In the most explicit policy statement yet on the subject, top U.S. officials yesterday warned Philippine President Ferdinand Marcos that his government needs to do much more to deal with the country's growing economic, political and military problems.
"The Philippines cannot afford a business-as-usual approach to the communist insurgency or the urgent need to deal with its root problems," the State Department's senior Asian expert said yesterday.
Referring later to the recent dismissal of Philippine Foreign Minister Arturo Tolentino and the resignation -- not yet accepted -- of Labor Minister Blas Ople, both of whom are known as independent men, Assistant Secretary of State Paul D. Wolfowitz said: "Forcing moderates out of government are not steps in the right direction."
Without economic, military and political reforms, and if the communist insurgency continues unchecked, the rebels could reach a "strategic stalemate within three to four years" in that they "will have attained enough military muscle to prevent their defeat on the battlefield," said Richard L. Armitage, assistant secretary of defense for international security affairs.
Both officials testified before the House Foreign Affairs Asia subcommittee on the Reagan administration's recent $275 million aid request for the Philippines, which includes $15 million more in military assistance than the administration had asked for last year.
Later, describing the strength of the New People's Army, the armed wing of the Communist Party of the Philippines, Armitage said, "Right now, the insurgents pick the time and place of the party and the government responds."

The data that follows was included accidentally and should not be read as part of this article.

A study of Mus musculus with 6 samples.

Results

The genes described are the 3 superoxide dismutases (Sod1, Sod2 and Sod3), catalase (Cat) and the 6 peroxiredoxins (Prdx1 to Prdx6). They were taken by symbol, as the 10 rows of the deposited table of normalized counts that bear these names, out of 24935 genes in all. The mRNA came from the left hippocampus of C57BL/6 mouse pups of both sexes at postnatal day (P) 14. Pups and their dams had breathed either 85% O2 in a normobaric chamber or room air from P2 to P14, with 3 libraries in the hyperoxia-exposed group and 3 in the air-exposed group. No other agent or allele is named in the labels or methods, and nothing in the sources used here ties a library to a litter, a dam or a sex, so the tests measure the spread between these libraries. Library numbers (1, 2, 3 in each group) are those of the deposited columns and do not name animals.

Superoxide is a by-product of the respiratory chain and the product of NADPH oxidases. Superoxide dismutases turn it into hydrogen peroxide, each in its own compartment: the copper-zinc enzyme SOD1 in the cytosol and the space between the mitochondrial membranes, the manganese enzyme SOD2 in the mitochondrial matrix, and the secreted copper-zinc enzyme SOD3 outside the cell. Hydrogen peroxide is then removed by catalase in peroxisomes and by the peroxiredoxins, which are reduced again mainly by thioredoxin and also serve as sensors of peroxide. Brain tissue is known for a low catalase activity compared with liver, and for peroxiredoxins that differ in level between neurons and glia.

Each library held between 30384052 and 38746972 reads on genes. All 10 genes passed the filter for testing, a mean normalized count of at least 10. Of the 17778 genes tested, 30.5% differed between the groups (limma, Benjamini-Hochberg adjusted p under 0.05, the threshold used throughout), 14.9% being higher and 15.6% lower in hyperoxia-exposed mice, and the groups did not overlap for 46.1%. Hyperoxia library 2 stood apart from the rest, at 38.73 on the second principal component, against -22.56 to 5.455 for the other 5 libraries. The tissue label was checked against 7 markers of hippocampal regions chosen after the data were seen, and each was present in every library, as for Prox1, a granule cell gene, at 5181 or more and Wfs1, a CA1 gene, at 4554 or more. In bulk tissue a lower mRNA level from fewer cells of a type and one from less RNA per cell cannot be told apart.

In testimony yesterday, Armitage said that the armed strength of the insurgents, estimated between 10,000 to 12,000, could be as high as 15,000, the highest figure given to date by the United States. He also said that 33 percent of the Philippines' 42,000 villages, or barangays, are believed to be "affected in some measure" by the communists, compared to the figure of 20 percent cited previously.
Although both officials pointed to progress made in the past year, Wolfowitz noted with concern the recent failure of witnesses to appear in the trial of Gen. Fabian Ver, the Philippine armed forces chief of staff. Ver, along with seven other military men, has been charged with conspiracy to cover up the murder of opposition leader Benigno Aquino Jr.
"It is important that the Philippine government take all measures possible to ensure the appearance of witnesses and their ability to testify freely," Wolfowitz said.
The future course of U.S.-Philippine relations depends on the credibility of the trial, as does the relationship between the Philippine government and its people, he said.
If the trial is carried out "in a way that Filipinos judge to be fair and impartial," Wolfowitz said, it has the potential "to cleanse the entire military institution of the stain of the Aquino murder."
In recent weeks, Marcos has announced that he would reinstate Ver if the general is acquitted, a move that Philippine opposition leaders and lawyers have said could prejudice the prosecution's case.